Trump’s baffling, self-defeating attack on the New York Times

President Donald Trump’s latest attack on the New York Times wasn’t just a standard illustration of his shamelessness — it was also self-defeating.

On Thursday, Trump lashed out at the publication for demoting deputy Washington editor Jonathan Weisman, tweeting that he “Should have been Fired!”

“Totally biased and inaccurate reporting,” he continued. “The paper is a Fraud, Zero Credibility. Fake News takes another hit, but this time a big one!”

It’s unclear whether Trump even understands why Weisman was demoted. Because if he did, he’d likely disagree with the paper’s punishment of Weisman.

Weisman was demoted following a string of racially insensitive tweets, including one posted late last month in which he suggested a group of Democrats including Reps. Rashida Tlaib (MI) and Ilhan Omar (MN) — both women of color, and both regular targets of Trump’s ire — aren’t really from “the Midwest.”


As Rebecca Fishbein wrote for Jezebel, Weisman was widely criticized for suggesting that “only rural white people can be ‘real’ Deep Southerners or Midwesterners.” He later deleted the tweet, explaining that “I tried to make a point about regional differences in politics between urban and rural areas. I deleted the tweets because I realize I did not adequately make my point.”

Marc Tracy of the New York Times reports that Weisman was warned to be more careful on social media following that incident. But last Thursday, he again waded into racially fraught territory, tweeting that “Justice Democrats has backed another primary challenger, this one seeking to unseat an African-American Democrat, Joyce Beatty, who represents Columbus” — seemingly oblivious to the fact that the challenger he was referring to, Morgan Harper, is also black.

When Harper pointed this out to him, Weisman made matters worse by writing, “@justicedems’s endorsement included a photo.”

If all of that isn’t bad enough, Weisman followed it up by demanding an apology from author and New York Times contributor Roxane Gay and her assistant after they criticized his tweets. Gay later posted a screengrab of the email Weisman sent.

On the heels of those debacles, the Times announced on Tuesday that Weisman “had been demoted and would no longer oversee the paper’s congressional correspondents because he repeatedly posted messages on social media about race and politics that showed what the paper called ‘serious lapses in judgment,” as Tracy reports in his piece.

But what the Times regards as “serious lapses in judgment” worth demoting someone over are not only minor transgressions by Trump’s standards, but in some ways echo his talking point.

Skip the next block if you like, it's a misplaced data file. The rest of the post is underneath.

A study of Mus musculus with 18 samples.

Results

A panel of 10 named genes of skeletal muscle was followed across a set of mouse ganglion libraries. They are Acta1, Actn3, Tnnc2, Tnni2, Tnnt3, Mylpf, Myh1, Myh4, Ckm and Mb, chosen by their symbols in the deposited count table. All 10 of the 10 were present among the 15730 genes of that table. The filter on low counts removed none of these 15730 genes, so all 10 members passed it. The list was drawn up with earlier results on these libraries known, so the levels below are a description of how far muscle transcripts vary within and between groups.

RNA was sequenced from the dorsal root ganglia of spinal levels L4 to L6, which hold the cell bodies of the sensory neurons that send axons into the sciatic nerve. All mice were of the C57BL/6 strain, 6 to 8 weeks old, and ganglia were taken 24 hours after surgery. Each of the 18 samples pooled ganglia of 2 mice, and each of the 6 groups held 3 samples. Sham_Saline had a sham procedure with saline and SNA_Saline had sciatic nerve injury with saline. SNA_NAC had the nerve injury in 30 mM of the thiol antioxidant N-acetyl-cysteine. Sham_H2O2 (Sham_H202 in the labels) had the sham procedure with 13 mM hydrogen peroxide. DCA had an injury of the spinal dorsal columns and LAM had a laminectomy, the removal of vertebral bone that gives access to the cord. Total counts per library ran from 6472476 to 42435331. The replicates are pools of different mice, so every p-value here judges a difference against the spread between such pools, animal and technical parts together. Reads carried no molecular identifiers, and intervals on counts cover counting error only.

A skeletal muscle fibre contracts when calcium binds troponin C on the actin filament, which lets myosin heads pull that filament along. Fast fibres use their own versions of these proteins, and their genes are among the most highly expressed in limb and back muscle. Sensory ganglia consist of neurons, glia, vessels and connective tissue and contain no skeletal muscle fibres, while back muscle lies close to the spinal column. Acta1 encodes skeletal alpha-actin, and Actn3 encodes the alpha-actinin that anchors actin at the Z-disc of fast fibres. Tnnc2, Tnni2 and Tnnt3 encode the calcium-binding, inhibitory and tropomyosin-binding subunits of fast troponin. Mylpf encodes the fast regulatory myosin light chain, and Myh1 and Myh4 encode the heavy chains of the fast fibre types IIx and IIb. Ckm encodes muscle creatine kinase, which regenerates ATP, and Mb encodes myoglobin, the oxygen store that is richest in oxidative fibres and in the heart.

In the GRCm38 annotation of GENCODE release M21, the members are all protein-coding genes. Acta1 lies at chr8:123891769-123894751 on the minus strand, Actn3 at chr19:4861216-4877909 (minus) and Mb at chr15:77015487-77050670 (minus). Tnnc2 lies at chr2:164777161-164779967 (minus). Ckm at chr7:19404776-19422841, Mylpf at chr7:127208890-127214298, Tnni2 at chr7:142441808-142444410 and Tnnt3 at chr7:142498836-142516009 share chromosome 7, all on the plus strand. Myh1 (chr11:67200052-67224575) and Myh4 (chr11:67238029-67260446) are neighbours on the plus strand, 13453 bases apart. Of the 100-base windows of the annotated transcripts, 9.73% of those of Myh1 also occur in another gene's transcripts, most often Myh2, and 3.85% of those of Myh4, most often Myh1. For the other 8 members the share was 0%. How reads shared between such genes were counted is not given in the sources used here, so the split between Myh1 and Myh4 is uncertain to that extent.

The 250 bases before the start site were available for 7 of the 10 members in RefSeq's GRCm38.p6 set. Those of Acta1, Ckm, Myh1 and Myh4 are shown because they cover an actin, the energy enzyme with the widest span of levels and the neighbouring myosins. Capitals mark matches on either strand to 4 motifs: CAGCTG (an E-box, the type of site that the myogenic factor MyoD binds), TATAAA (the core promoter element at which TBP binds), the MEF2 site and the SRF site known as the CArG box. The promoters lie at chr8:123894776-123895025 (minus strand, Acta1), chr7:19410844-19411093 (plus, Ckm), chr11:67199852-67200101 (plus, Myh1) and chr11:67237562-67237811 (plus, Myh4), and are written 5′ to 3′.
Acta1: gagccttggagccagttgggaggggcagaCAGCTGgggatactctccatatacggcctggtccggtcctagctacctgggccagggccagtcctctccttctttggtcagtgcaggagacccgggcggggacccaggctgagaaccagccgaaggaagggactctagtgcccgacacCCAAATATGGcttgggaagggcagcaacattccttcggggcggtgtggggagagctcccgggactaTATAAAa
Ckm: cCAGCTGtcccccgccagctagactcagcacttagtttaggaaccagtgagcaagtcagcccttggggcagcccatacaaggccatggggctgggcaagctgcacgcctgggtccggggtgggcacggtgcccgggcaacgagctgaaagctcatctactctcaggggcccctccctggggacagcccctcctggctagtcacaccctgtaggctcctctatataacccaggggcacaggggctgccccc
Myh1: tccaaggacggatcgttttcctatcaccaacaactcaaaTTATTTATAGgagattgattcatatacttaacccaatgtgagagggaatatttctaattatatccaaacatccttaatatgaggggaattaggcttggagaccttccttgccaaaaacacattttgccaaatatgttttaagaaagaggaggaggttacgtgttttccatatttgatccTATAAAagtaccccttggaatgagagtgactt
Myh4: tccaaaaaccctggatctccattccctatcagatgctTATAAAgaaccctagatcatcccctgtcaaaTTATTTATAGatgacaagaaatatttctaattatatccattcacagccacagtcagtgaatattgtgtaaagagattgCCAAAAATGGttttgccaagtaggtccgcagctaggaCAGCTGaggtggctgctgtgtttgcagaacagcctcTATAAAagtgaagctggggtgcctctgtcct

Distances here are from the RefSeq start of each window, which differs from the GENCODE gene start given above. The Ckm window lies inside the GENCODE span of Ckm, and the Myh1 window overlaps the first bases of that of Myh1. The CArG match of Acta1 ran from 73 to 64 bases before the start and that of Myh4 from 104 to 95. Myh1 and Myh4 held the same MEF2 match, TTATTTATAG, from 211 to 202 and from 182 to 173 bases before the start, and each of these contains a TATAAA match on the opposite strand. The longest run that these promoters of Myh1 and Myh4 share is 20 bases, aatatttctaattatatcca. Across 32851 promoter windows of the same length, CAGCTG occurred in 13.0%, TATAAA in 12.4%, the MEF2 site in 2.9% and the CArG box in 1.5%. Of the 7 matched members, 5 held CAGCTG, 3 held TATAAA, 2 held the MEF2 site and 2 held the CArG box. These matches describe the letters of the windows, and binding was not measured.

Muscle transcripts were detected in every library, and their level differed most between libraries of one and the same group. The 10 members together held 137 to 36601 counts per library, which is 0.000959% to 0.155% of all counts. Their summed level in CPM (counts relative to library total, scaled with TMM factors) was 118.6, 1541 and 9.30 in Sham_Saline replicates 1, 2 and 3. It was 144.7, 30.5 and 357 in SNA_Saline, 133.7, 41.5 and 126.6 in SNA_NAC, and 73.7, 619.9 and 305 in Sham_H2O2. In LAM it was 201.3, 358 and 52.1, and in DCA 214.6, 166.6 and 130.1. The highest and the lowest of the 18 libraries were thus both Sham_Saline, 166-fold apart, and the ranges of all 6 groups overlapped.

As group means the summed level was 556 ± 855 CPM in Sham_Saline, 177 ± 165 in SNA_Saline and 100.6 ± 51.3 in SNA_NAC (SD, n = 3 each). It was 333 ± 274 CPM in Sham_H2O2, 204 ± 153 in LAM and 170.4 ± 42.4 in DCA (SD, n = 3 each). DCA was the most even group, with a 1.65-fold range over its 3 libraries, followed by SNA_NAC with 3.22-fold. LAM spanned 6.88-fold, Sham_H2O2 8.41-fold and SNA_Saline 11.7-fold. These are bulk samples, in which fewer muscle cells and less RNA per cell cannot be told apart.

Trump should sit out trying to score points on racially insensitive tweets, but the first tenet of Trumpism is to never sit one out

Weisman’s tweet about Tlaib and Omar wasn’t good, but the irony is that Trump has posted ones about them that are just as bad, if not worse. Last month, for instance, he urged the two and two other Democratic congresswomen of color to “go back and help fix the totally broken and crime infested places from which they came.” That tweet was widely read as suggesting the women are somehow less American than others, and therefore don’t have the right to criticize their country. Trump followed that up by briefly basking in “send her back!” chants directed at Omar during one of his rallies.

Trump was still at it on Thursday morning. He posted a tweet mischaracterizing Tlaib and Omar’s criticism of Israel as evidence that they “hate Israel & hate all Jewish people,” and suggested Israel should bar them from visiting the country — something the government of Prime Minister Benjamin Netanyahu promptly did.

Given his repeated insinuations that Tlaib and Omar are somehow less than fully American, it’s hard to imagine Trump would disagree with Weisman’s insinuation that they don’t really represent “the Midwest.” So in his tweet attacking the Times, Trump is expressing anger that the publication didn’t fire a journalist for expressing a viewpoint he basically endorses.

But Trump, of course, is not one to sit out controversies. He’s repeatedly attacked House Speaker Nancy Pelosi and former Vice President Joe Biden for stammering during public appearances, although he regularly has the same difficulty. He’s tried to capitalize on controversy surrounding Bill Clinton’s ties with convicted sex offender Jeffrey Epstein, although he’s on tape partying with Epstein and on record saying that Epstein “likes beautiful women as much as I do, and many of them are on the younger side.”

Trump saw an opportunity on Thursday to attack a publication he perceives as his enemy and went for it. It’s the same sort of decision-making that resulted in him recklessly retweeting a conspiracy theory suggesting the Clintons were involved in Epstein’s death last Saturday (and later defending doing so on extremely flimsy grounds). His seeming lack of shame means he has no qualms about publicly attacking a perceived enemy — even when said attack is self-defeating.


The news moves fast. To stay updated, follow Aaron Rupar on Twitter, and read more of Vox’s policy and politics coverage.